Obama Sidesteps Do-Nothing Congress to Protect LGBT Employees

There's an end in sight for unchecked discrimination against federal workers.

(Photo: Jeff Swensen/Getty Images)

Jun 17, 2014· 2 MIN READ
Hayley Fox is a regular contributor to TakePart who has covered breaking news and the occasional animal story for public radio station KPCC in Los Angeles.

Tired of waiting for movement on the comprehensive LGBT antidiscrimination act that has been stalled in Congress since last year, President Barack Obama is taking workplace equality into his own hands. This week, the commander in chief directed his staff to prepare an Executive Order that bars discriminaton against federal employees based on their sexual orientation or identity.

This action builds upon protections already in place for discrimination based on race, gender, or sex.

“Today, millions of Americans in most states in the country go to work every day knowing they could lose their jobs simply because of who they are or who they love,” a White House official wrote in an email to Take Part. “No current federal law adequately protects lesbian, gay, bisexual, and transgender workers from employment discrimination.”

Obama’s decision was announced Monday and it was quickly endorsed by LGBT groups, public figures, and his own staff. White House Senior Adviser Valerie Jarrett tweeted that workplace equality is good for business:

Apple CEO Tim Cook called the discrimination protection a matter of “human dignity,” and urged the House of Representatives to pass the stalled Employment Non-Discrimination Act:

Although details of the order are yet to be seen, LGBT supporters say it will have a significant impact on equality in the workplace. There is currently no federal law protecting LGBT individuals from employment discrimination, but federal contractors employ more than 20 percent of the U.S. workforce, which means Obama’s action will protect more than 11 million people from discrimination based on sexual orientation.

The order may prove especially effective with large businesses, like Exxon Mobil Corporation, which receives “hundreds of millions” in federal contracts each year and has repeatedly rejected a policy prohibiting discrimination against LGBT workers, according to the Human Rights Campaign.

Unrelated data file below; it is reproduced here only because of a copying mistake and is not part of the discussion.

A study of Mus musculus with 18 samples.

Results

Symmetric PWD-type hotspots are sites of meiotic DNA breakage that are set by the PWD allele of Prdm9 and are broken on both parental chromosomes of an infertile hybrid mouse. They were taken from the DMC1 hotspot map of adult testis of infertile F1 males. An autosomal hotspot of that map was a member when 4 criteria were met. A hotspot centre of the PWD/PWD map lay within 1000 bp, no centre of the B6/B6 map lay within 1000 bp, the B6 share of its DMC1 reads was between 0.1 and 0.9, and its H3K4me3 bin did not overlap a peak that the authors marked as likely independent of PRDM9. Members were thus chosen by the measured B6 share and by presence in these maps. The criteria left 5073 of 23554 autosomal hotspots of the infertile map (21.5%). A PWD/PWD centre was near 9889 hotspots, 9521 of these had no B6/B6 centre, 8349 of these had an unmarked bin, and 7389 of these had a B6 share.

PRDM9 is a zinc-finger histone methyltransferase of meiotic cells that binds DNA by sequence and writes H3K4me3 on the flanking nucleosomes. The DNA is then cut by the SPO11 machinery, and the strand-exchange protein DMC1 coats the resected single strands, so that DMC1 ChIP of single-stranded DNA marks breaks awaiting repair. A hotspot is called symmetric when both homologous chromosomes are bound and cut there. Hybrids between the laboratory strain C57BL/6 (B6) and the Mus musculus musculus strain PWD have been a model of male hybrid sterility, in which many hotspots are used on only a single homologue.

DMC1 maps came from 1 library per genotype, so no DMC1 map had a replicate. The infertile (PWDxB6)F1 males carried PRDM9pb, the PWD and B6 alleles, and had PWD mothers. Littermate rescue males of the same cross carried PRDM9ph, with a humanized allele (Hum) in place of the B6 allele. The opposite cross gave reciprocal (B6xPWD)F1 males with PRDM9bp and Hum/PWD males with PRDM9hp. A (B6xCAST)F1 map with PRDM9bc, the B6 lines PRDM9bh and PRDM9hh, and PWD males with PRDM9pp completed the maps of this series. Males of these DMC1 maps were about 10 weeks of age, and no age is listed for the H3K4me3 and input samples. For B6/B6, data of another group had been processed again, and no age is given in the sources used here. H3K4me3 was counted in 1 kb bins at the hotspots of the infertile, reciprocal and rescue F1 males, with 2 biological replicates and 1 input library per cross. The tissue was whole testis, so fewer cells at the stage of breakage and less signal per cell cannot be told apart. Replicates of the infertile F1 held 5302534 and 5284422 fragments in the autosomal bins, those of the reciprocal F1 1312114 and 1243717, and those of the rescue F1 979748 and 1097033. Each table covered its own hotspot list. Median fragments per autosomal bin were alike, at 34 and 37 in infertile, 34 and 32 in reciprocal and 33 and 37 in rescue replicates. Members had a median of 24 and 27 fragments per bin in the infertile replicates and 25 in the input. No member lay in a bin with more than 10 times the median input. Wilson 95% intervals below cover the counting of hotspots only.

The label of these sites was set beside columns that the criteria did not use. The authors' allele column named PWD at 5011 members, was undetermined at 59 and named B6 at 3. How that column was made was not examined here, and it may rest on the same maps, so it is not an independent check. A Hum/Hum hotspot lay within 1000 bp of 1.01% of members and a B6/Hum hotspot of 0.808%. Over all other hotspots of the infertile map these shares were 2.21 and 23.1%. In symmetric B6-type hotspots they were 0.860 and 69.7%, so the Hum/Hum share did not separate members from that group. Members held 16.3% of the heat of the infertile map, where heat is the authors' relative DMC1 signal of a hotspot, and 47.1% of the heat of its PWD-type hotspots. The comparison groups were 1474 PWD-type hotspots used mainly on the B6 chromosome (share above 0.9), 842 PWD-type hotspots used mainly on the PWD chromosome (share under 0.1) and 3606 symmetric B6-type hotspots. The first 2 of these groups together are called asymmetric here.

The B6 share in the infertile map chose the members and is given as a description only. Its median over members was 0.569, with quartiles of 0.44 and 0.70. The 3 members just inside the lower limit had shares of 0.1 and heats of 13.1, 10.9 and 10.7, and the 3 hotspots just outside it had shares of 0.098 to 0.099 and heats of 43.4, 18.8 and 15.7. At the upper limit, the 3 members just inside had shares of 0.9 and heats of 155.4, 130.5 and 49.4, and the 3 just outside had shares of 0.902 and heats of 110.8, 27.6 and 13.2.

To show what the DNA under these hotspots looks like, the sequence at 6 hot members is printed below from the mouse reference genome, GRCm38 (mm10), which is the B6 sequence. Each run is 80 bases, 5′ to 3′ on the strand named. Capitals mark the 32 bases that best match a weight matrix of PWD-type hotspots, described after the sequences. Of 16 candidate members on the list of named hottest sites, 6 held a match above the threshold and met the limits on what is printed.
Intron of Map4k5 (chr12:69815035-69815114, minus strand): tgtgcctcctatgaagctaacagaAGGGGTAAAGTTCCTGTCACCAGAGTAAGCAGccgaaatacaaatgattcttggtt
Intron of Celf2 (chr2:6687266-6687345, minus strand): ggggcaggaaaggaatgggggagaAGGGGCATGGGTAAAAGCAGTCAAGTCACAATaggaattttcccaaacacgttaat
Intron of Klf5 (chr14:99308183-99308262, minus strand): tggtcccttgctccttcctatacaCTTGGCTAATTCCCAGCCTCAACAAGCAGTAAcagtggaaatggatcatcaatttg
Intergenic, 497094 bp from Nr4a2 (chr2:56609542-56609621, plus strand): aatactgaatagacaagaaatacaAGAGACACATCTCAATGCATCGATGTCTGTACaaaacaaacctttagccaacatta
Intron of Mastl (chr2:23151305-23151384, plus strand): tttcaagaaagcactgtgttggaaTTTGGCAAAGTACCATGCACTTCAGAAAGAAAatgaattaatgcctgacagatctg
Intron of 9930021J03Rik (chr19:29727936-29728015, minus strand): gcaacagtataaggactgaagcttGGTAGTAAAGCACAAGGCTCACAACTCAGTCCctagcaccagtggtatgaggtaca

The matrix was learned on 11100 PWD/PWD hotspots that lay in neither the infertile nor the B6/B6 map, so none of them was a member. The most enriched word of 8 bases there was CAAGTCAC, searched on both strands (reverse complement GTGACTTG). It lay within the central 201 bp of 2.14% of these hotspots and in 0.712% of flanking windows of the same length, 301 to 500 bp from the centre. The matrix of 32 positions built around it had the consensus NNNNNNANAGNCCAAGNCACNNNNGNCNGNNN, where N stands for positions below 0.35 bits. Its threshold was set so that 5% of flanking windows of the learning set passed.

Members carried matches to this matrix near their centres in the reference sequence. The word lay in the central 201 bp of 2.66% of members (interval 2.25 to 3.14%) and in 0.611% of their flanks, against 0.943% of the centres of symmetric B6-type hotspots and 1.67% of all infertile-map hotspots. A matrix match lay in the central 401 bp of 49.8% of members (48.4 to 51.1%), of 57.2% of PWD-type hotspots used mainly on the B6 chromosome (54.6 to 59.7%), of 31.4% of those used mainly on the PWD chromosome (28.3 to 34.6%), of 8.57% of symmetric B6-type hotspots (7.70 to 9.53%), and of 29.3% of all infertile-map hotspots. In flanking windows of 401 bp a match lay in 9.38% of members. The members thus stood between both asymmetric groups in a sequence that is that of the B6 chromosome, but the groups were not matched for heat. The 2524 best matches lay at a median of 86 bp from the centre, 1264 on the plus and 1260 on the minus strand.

“This order will bring much-needed relief to ExxonMobil’s LGBT employees,” said HRC President Chad Griffin.

Exxon officials have responded to criticism of their employment practices by pointing to a statement on their website that reads:

Our global zero-tolerance policy applies to all forms of discrimination, including discrimination based on sexual orientation and gender identity.

However, the binding policy that appears in the Company's Standards of Business Conduct does not include any mention of specific LGBT protections, the Huffington Post reports.

And while ExxonMobil may be the minority, as most Fotune 500 companies do have LGBT discrimination protections, there are still many states in the U.S. that do not. There are currently 29 states in the U.S. that don’t have explicit laws protecting LGBT workers from employment or hiring discrimination based on sexual orientation.

This means there’s still a huge number of people who have to hide their personal lives when they go into the workplace, said Ian Thompson, ACLU legislative representative.

“Most people would find that to be completely unacceptable,” said Thompson.

The pending executive order is an important step forward, said Thompson, but what the country really needs is for Congress to approve a robust, antidiscrimination bill protecting all Americans from workplace discrimination based on sexual orientation or identity. The Employment Non-Discrimination Act passed in the senate in 2013, but is now stuck in the House of Representatives with no sign of moving out of the hands of conservative legislators there.

Even if ENDA does go through, the bill isn’t as all-inclusive as it seems. It provides exemptions for military institutions and small businesses, and doesn’t apply to religious corporations, associations, or educational institutions. Some LGBT advocates are worried the broad terms used in regard to religious groups may give them a blank check to discriminate against gay employees or applicants, and could leave out workers at hospitals and universities across the country.

While Obama’s executive order is an effective way to at least partially sidestep delays in Congress, the timing of his announcement seems largely strategic: Obama is scheduled to appear Tuesday evening at the Democratic National Committee’s LGBT Gala in New York.